Plan C exists to organise in, beyond, and against capital. We think this
requires the development of ideas and practices that are able to cohere together whilst at the same time being dynamic enough adapt to changes in our lives and our work. Whilst we try to avoid tying ourselves down to key principles and hallmarks, there are a few things that can be sustainably drawn on to broadly describe its form.
It is non-rivalrous
Plan C is not ‘the organisation of the working classes’ nor do we see a necessity for one. We think that for the struggle against and beyond capital to remain dynamic, there needs to be continual cross-pollination between groups and communities whose experience of it has had different emphases and who have organised themselves differently, uncovering different limitations and asking different questions. We hope to be one radical anti-capitalist organisation amongst many. We do, however, see the necessity for structures of collective coordination between ourselves and others that can articulate our common experiences and develop shared practices with the aim of transforming life and changing the world. Plan C is such a structure at one level but seeks only to be part of such a structure at a broader level. Members are also entirely welcome to be ‘dual cardholders’ with other left groups. It’s up to individuals to decide whether other organisations and collectives they’re involved in are compatible with Plan C, although people should be open about other affiliations.
Power is decentralised or diffuse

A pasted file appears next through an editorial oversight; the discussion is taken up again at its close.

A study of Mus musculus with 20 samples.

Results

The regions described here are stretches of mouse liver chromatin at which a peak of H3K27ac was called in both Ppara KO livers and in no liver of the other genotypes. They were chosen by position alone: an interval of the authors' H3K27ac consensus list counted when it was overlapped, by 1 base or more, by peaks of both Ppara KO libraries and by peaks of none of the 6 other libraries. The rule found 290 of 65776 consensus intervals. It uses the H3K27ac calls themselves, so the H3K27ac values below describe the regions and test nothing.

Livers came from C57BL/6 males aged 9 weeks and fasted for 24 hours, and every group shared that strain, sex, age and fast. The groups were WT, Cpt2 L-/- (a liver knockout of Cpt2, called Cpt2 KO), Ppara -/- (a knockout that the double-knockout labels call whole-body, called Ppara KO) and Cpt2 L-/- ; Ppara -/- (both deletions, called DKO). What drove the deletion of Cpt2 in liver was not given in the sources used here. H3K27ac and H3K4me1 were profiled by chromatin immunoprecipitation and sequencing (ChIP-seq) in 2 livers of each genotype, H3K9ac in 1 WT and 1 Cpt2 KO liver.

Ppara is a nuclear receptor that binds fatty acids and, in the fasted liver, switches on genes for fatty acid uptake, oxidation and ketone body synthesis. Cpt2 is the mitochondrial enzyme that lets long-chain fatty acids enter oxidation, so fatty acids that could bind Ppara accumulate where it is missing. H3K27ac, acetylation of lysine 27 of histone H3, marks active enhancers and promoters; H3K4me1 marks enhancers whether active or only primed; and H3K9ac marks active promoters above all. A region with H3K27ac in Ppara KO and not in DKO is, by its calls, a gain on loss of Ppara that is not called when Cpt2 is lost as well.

We don’t have a leadership, a central committee, or a steering committee. The sovereign decision-making bodies at the national level are congresses (open to all members), and delegate meetings (for temporarily chosen delegates to negotiate on behalf of sub-groups). Any member can make a proposal for a course of action, policy, amendment to a policy, project, or national discussion.
It is internally pluralist
We don’t require members to toe the line. Minority groups within the
Plan C are welcome to pursue courses of action under the Plan C name
that the majority isn’t into (where logic allows it). A diversity
of approaches makes for a much stronger organisation. However, we
attempt to move continually towards shared strategic orientations to
enhance the intellectual and logistical coordination within (and
outside) the organisation rather than a centrally determined line or
course of action.
It is experimental and non-dogmatic
It’s great to be right but it’s even better to be exploratory. The structures and conventions of the old left are becoming less and less effective. Developing new ones means trying things out, getting them wrong, trying other things out. We are wary of models of social change developed in very different social and historical contexts and we are wary of models of social change that are subordinated to systems of ahistorical morality. We acknowledge our precursors, build on our influences, and try to minimise unnecessary reinvention but we are attempting to organise on a new and ever-changing terrain.
Building a movement is prioritised over building an organisation
Plan C is a tool or a resource for the development of social movements. As such it can be seen as a pocket in those movements or a resting point for when they’re dispersed or temporarily unrecognisable. It is not a movement in itself and it has no desire to seize control of any
such movements. We’re happy to provide leadership in the sense of having good ideas that take off and spread but we recognise this as an always-temporary situation shared and swapped with a multitude of other communities, organisations, affinity groups, campaigns, and individuals. It is an organisation that we feel to be useful in the present historical moment and will continue only until this usefulness subsides.